Sidra Khalid, MD*1;Jyothirmai Seepana, MD1 and Praful Maroo, MD2, (1)Fairview Hospital, Cleveland, OH, (2)Fairiview hospital, Cleveland, OH

Meeting: Hospital Medicine 2017, May 1-4, 2017; Las Vegas, Nev.

Abstract number: 521

Categories: Adult, Clinical Vignette Abstracts

Case Presentation:

A 29 year old African American male presented with non-radiating, mid-sternal chest pain, which was relieved by sitting up. His vital signs and physical examination were unremarkable. His initial EKG showed J point elevation in leads III, aVF, V2-V5, consistent with early repolarization changes. Overnight, his subsequent EKG showed diffuse ST elevation and PR segment depression suggestive of pericarditis, and he was started on colchicine and NSAIDs. However, his chest pain did not resolve. His CRP was 0.2 mg/dL and ESR was 2 mm/hr. Troponin levels gradually increased from 0.099 > 0.192 > 0.296 ng/mL. CK and CK-MB were 544 U/L and 49.5 ng/mL, respectively. He was started on aspirin and heparin drip. Later on, his EKG depicted T-wave inversions in III, aVF and ST segment elevation in II, V4-V6 (fig.1). Echocardiogram revealed a normal left ventricle size with EF of 65%, but there was one segment of apical hypokinesis, with no thrombus. Cardiac Catheterization was performed which showed acute total occlusion of the distal part of the LAD due to a thrombus (fig.2). No intervention was undertaken. Also, the patient had right coronary artery (RCA) dominance. He was medically managed with aspirin, clopidogrel, metoprolol, and atorvastatin.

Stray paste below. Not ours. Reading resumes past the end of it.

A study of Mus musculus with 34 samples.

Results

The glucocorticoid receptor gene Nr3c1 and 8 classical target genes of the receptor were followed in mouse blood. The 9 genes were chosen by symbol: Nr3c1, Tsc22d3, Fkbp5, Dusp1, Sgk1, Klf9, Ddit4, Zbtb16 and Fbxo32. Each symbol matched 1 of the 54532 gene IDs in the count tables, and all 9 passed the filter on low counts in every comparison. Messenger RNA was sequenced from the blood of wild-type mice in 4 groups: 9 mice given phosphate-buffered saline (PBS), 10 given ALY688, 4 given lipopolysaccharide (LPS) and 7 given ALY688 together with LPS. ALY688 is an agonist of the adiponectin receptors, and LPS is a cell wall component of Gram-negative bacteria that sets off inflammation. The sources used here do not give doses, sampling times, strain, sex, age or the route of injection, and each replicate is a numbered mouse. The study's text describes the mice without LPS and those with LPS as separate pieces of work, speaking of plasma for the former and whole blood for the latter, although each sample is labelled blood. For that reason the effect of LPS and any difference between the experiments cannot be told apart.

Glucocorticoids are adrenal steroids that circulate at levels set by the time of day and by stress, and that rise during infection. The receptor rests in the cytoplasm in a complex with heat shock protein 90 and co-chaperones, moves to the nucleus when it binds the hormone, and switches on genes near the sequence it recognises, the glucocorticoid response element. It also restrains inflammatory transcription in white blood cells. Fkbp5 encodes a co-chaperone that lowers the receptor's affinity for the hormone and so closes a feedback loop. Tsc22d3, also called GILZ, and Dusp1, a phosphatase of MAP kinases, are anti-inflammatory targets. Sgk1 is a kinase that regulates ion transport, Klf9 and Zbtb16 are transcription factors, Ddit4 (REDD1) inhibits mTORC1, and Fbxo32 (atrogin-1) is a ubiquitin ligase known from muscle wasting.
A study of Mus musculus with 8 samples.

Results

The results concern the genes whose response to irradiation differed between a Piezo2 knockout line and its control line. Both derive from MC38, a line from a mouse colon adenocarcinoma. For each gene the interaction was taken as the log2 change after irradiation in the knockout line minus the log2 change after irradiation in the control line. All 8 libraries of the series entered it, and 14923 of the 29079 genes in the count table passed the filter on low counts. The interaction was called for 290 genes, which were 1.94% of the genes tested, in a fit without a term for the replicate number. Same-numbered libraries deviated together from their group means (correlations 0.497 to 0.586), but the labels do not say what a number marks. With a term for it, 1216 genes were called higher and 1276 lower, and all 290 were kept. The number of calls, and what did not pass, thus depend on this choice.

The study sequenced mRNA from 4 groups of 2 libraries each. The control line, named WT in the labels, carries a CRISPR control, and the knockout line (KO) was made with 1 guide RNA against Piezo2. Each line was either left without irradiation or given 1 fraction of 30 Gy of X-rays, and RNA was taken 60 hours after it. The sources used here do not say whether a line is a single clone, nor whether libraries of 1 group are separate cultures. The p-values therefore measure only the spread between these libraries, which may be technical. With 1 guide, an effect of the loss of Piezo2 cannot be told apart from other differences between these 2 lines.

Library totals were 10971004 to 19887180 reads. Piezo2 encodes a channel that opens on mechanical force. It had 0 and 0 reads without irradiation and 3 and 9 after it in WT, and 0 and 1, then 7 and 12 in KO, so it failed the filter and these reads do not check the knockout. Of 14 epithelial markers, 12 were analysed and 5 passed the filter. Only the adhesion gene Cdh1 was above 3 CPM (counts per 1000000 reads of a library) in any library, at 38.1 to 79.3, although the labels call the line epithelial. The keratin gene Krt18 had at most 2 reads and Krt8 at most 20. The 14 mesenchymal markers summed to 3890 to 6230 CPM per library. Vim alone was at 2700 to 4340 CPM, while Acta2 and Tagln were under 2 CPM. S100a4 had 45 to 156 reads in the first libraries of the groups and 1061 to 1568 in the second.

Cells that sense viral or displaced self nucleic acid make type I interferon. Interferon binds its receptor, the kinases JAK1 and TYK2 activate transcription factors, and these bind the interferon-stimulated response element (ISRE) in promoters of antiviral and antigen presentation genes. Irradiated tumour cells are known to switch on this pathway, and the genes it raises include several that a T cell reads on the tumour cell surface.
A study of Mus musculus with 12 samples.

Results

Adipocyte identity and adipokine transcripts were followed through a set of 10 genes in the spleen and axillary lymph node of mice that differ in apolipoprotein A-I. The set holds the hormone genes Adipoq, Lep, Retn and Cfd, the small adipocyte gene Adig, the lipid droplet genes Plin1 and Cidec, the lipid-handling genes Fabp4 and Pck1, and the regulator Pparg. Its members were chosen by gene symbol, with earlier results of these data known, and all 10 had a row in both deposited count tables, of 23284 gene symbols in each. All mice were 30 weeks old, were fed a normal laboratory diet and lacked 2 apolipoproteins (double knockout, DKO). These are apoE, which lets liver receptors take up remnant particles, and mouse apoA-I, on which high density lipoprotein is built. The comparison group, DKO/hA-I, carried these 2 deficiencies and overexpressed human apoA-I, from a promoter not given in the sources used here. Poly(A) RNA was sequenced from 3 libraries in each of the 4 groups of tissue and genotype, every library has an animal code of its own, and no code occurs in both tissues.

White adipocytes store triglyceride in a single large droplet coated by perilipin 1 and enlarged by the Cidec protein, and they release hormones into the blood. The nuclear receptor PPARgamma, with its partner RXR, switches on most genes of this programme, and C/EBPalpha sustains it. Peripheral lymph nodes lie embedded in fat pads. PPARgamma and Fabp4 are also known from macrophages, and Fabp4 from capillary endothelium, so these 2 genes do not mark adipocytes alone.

Isolated apical MI is a rare condition. A history of chest pain with elevated cardiac enzymes in the setting of widespread ST changes should prompt further investigation with echocardiography and cardiac catheterization. Apical infarction also occurs as an extension of either anterior or inferolateral MI. It occurs mostly in patients with RCA dominance.  Since a large area is involved, EKG changes are found in inferior leads II, III, aVF, lateral I and aVL, and precordial leads V2 to V6. This leads to a diagnostic dilemma as it can be confused with pericarditis or an aortic dissection that occludes the coronary ostia.


Apical MI should be considered when EKG illustrates widespread ST changes, especially in a clinical setting of chest pain, elevated cardiac enzymes, and echocardiographic apical wall motion abnormalities.

To cite this abstract:

Khalid, S; Seepana, J; Maroo, P. A DIAGNOSTIC DILEMMA – APICAL MYOCARDIAL INFARCTION (MI). Abstract published at Hospital Medicine 2017, May 1-4, 2017; Las Vegas, Nev. Abstract 521. Journal of Hospital Medicine. 2017; 12 (suppl 2). https://www.shmabstracts.com/abstract/a-diagnostic-dilemma-apical-myocardial-infarction-mi/. Accessed March 28, 2020.